Updated: Apr 29
If you are lucky enough to arrive in a yacht or small vessel, then there are strict customs protocols for notification & process that must be followed, but it's likeliest under these circumstances that your skipper will know the ropes! For most other people, arriving by sea means arriving on a cruise ship.
Cruising New Zealand is a fabulous way to see the diversity of landscape & wildlife that NZ has to offer. New Zealand is now a regular destination on round-the-world cruises, rivalling anywhere else on the globe. The most popular places for starting a cruise to New Zealand are Australia (Sydney, Melbourne & Brisbane) and the South Pacific (Vanuatu, New Caledonia, Fiji, Tahiti), as well as New Zealand itself. With a thriving cruise schedule, you can board a cruise in NZ & return back to the same port having crossed the Tasman Sea or the South Pacific or simply explored the wonderful richness of New Zealand's shores.
From the Bay of Islands in the tropical North to Stewart Island off the southern tip of the South Island, the sheer range of environments is staggering. Fiordland affords scenic cruising through a World Heritage Site, Nelson encompasses three National Parks, while Kaikoura gives you unsurpassed access to whales and dolphins; not to mention the off-ship excursions around the country.
The arrival protocols are very similar to arriving by plane, which means that the focus will be primarily on biosecurity. The passenger arrival card everyone has to fill out before passing through customs requires you to declare any food, animal or plant products (including wood), anything biological & any equipment or items that have been used in any outdoor activities. You also need to declare if you've been to any wilderness areas or had any contact with non-domestic animals in the past 30 days. The prime purpose of all this is to ensure that no-one unwittingly imports any non-native biology that could severely disrupt the ecology of New Zealand. Given the country's natural isolation its wildlife has a much less developed defence against foreign species. If you suddenly remember something at the last minute, there are 'amnesty bins' at all ports, where you can anonymously throw away suspect goods before you go through declarations.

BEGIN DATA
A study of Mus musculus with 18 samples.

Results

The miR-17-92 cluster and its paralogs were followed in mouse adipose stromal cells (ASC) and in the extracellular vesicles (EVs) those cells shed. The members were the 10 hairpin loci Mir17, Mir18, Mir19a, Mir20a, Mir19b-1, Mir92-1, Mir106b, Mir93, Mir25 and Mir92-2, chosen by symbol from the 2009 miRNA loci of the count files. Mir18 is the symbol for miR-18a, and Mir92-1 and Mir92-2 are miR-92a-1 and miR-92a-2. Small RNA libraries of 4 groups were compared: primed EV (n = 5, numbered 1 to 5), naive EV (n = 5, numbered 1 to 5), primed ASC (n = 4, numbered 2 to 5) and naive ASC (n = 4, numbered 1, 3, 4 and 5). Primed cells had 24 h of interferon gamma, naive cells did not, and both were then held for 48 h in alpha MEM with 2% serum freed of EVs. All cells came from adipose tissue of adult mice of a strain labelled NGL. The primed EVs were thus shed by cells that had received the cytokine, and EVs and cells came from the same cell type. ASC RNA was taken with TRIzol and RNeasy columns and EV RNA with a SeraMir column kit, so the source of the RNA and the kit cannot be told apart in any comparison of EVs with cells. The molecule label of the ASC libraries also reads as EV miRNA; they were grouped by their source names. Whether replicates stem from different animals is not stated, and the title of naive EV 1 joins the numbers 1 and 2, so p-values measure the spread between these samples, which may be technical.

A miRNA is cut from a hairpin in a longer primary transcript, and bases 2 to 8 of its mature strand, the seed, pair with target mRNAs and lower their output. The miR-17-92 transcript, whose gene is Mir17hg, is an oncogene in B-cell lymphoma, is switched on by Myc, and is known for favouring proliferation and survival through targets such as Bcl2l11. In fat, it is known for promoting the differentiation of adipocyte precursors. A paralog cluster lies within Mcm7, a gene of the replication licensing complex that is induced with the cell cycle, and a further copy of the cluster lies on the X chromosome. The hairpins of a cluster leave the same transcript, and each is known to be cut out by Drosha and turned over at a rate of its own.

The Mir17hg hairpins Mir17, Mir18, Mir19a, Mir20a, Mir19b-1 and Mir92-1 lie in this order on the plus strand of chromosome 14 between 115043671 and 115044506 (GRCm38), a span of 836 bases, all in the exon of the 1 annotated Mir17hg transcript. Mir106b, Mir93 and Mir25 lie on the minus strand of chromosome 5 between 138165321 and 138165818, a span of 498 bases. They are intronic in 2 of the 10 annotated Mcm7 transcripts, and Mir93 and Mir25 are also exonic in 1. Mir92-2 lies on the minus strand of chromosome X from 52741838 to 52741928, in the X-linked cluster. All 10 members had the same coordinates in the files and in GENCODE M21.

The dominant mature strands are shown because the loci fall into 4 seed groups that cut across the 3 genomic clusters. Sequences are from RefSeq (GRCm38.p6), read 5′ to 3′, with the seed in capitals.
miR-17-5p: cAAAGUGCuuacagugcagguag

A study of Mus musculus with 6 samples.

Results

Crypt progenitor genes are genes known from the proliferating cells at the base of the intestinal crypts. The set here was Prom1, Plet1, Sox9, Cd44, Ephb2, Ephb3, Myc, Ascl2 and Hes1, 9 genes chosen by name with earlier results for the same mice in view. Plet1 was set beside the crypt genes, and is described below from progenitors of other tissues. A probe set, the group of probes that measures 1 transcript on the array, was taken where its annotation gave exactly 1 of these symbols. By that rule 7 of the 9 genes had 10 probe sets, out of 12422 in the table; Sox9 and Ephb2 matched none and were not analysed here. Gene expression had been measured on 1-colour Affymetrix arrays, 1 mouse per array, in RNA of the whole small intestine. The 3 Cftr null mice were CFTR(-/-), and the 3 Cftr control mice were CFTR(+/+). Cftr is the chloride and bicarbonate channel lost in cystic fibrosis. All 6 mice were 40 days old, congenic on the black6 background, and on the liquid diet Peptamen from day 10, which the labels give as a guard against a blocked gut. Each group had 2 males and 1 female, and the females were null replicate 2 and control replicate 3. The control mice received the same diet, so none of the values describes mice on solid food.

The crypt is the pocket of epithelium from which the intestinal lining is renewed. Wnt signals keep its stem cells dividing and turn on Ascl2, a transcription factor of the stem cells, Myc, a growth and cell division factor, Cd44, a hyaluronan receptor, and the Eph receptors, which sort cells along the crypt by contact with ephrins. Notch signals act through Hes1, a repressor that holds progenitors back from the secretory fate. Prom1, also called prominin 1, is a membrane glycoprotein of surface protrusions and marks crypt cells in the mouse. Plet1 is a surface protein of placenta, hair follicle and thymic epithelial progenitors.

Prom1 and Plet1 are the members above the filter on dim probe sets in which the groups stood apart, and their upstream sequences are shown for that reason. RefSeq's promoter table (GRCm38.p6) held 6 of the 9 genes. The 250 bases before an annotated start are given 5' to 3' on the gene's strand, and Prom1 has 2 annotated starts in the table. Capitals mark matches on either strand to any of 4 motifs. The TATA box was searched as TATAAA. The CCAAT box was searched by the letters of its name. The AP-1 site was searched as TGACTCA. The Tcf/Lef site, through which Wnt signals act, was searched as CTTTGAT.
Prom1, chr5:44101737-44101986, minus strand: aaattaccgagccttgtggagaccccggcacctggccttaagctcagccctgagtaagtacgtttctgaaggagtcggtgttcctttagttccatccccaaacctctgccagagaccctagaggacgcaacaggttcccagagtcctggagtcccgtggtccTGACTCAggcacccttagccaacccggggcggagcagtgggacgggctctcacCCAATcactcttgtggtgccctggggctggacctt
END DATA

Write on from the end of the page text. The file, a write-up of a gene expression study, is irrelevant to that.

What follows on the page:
The easiest way to ensure you have no problems with biosecurity is to leave any problem items at home (check the latest, full list here), or at the very least, on board your ship. Of course, there are also the normal identification - passport & visa - requirements, and questions about your travel, accommodation, finance & acquaintances. Each NZ port has its own rules and procedures for disembarkation and pickup.
Bay of Islands (Waitangi, Paihia and Russell). At Waitangi, passengers need to use a tender to reach shore. The wharf is on the Treaty Grounds & it's just a 10 minute walk to the Treaty House. From there, free shuttles can take you to Paihia i-SITE visitor centre, less than 5 minutes away, from where you can also catch a ferry to explore Russell.
Auckland is the main hub for cruise ships & most democratic port in NZ. Located in Auckland's CBD, close to hotels, transport hubs, shopping, dining and other attractions, anyone can enter the port & passengers can leave it on foot.
Tauranga, in the Bay of Plenty is the port that gives you access to Rotorua and Hobbiton, as well as nearby Mount Maunganui. Passengers can disembark directly at the berth & you can walk out or shuttles can take you to the i-SITE centre in town.
Napier's berth is about 1Km north of the town in a working port (to enter the port you need a special ticket) with no pedestrian access, so free shuttle buses carry passengers into town. Once there, most attractions are within easy walking distance.
Wellington has several cruise ship berths, with most arriving at Aotea Quay, a good 20 minute walk from the central city, or a 5 minute free shuttle ride. Because of the distance and as you need a special ticket to enter the port, anyone meeting a passenger would be best advised to wait at a central point in the cruise terminal.
Akaroa, the gateway to Christchurch, is a quaint French inspired township in the centre of an ancient volcano. Tenders will convey you to the wharf on the south side of the village, close to shops and cafes. You can take the transport to Christchurch, about an hour and a half away, from where you could start your ride on the TranzAlpine train, or enjoy the local activities: boat cruises, dolphin safaris or wine tastings.
Dunedin's cruise ship berths are in the working port of Otago, so a special ticket is required to enter, but passengers may disembark & leave the port on foot. There are two berthing facilities, Port Chalmers about 13Km from the city & Port Dunedin which is closer. Shuttle services will drop you off by the Octagon, the very centre and a local landmark near the i-SITE visitor centre.